Singapore — Octanes demand from the gasoline segment is expected to be the key driver for the US aromatics market in 2020, with demand from the chemical segment for both toluene and mixed xylenes seen lagging, as length in the global paraxylene market negatively impacts production economics in the US.
These dynamics will put increasing importance on aromatics as octane boosters, particularly toluene.
If demand for aromatics as an octane booster slackens, as historically happens during winter gasoline production, aromatics prices could contract and extraction economics would become increasingly important. Weaker pricing could lead producers to push reformate directly into the gasoline pool, thereby tightening aromatics availability in North America.
Toward the latter part of H1 2020, demand from the gasoline segment should be firm and blend values will set a floor for both toluene and mixed xylenes.
In Europe, toluene enjoyed support from octane demand in Q4 2019 and was favored over mixed xylenes for blending due to its higher octane rates and ample supply.
Due to mixed xylenes' lower RON value, it has attracted lower bids from gasoline blenders, but these have failed to entice producers, with limited spot packages for sale. This is unlikely to change, with demand for mixed xylenes from both chemical and gasoline markets set to remain low in the first half of 2020.
The gasoline market is expected to see good support in H1, with the ripple effect of the IMO 2020 regulations for marine fuel coming into effect from January 1. This leaves room for toluene premiums to gasoline to maintain a higher level, despite the market currently showing a deep backwardation that has kept interest in material locked to the prompt end of the market.
NEW PLANTS IN CHINA
Meanwhile in Asia, there is an expectation among producers and traders that isomer-MX pricing will remain firm in H1 2020 due to the startup of new paraxylene plants in China, several of which are expected to buy mixed xylenes during their start-up phase.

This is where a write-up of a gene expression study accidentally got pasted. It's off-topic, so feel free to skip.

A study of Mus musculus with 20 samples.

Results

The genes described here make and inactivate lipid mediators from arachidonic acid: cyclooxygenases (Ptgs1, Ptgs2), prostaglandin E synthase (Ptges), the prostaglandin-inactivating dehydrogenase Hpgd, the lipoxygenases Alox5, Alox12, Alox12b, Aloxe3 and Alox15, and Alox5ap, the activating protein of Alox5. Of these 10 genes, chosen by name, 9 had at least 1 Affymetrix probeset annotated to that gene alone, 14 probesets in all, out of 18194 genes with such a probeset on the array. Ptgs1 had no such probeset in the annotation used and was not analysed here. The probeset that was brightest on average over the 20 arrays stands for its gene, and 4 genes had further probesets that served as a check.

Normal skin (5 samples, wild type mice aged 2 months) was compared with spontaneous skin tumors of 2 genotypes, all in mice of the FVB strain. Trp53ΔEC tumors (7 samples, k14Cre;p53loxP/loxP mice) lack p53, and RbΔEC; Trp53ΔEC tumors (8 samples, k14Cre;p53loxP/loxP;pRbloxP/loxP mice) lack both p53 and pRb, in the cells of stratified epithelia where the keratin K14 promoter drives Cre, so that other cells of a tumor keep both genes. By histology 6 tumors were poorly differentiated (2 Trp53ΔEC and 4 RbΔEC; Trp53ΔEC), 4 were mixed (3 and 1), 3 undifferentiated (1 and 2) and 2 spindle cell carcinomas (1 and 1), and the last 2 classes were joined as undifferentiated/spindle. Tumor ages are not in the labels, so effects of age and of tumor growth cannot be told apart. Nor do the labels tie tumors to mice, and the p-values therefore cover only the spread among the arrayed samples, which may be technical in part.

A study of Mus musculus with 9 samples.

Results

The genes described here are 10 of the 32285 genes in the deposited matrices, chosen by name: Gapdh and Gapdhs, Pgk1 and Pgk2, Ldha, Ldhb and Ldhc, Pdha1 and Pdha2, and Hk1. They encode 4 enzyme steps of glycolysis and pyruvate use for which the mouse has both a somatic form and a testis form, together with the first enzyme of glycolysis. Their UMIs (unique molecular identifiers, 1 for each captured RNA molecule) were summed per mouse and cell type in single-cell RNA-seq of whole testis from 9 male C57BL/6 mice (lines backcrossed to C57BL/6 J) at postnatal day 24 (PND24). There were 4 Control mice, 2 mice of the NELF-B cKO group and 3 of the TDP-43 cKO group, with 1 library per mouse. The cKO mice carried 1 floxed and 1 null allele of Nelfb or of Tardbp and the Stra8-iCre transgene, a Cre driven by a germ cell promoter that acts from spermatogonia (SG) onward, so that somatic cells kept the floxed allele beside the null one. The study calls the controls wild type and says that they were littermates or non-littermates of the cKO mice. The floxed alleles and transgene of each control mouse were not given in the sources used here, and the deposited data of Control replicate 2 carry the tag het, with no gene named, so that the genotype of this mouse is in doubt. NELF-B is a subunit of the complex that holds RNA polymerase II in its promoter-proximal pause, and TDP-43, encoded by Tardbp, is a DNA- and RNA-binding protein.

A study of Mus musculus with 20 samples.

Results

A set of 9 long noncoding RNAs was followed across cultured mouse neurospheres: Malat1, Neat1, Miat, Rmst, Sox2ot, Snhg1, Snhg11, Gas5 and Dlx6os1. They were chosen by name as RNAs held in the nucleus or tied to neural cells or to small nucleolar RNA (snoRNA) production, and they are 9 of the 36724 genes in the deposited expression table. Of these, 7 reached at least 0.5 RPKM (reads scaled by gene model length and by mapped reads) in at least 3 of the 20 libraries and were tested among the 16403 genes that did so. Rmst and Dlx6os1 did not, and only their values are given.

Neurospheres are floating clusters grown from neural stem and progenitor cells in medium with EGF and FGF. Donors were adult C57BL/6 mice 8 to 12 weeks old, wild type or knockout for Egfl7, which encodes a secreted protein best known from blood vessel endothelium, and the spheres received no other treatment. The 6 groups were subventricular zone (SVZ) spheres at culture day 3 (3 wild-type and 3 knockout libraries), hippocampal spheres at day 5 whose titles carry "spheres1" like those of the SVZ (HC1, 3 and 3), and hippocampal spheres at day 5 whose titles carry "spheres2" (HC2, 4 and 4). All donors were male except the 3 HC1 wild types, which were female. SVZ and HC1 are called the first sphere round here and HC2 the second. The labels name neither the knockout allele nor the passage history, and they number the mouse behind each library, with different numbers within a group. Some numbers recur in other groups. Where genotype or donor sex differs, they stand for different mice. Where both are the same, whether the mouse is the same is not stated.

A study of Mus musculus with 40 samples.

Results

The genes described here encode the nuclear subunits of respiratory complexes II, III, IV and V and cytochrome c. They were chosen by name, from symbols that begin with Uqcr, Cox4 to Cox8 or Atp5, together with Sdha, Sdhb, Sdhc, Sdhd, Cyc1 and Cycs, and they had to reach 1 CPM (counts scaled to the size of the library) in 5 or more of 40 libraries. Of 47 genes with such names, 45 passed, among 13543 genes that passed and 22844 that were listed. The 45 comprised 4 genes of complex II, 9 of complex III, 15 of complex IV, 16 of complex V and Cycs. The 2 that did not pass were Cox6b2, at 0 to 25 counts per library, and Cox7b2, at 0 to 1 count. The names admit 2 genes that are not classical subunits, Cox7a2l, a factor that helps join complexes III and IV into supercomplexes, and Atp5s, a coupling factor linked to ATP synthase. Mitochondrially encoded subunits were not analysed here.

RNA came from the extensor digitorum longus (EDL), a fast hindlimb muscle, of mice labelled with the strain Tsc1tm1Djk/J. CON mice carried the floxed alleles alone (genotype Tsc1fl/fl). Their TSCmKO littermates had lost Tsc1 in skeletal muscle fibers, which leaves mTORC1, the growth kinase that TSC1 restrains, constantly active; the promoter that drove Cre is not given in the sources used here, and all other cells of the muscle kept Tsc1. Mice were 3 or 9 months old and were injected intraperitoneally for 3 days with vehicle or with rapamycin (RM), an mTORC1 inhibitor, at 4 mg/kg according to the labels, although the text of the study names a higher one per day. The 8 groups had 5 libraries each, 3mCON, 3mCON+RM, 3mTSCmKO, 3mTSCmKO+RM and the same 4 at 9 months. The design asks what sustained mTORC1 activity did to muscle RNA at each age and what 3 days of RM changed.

In the second half of 2019, strong demand for aromatics gasoline blendstocks was also observed, especially in the third quarter.
India is set to introduce the next stage of BS-VI gasoline standards in April 2020, which could also impact aromatics demand and supply balances. The next stage of BS-VI gasoline standards in India will primarily reduce the sulfur content from 50 ppm previously to 10 ppm from April 2020 onwards, while the aromatics content remains unchanged from 35% previously.
According to S&P Global Platts petrochemicals analyst Eshwar Yennigalla, the switch in gasoline specs in India could support demand for aromatics for blending purposes.
"Due to the change in sulfur specifications, the various blend components used to achieve the desired could be different from the previous gasoline blends to cover the resultant octane changes. This could result in higher toluene, MX and reformate blending relative to naphtha and directly disrupt their availability for benzene and PX production especially in the first half of 2020," Yennigalla said.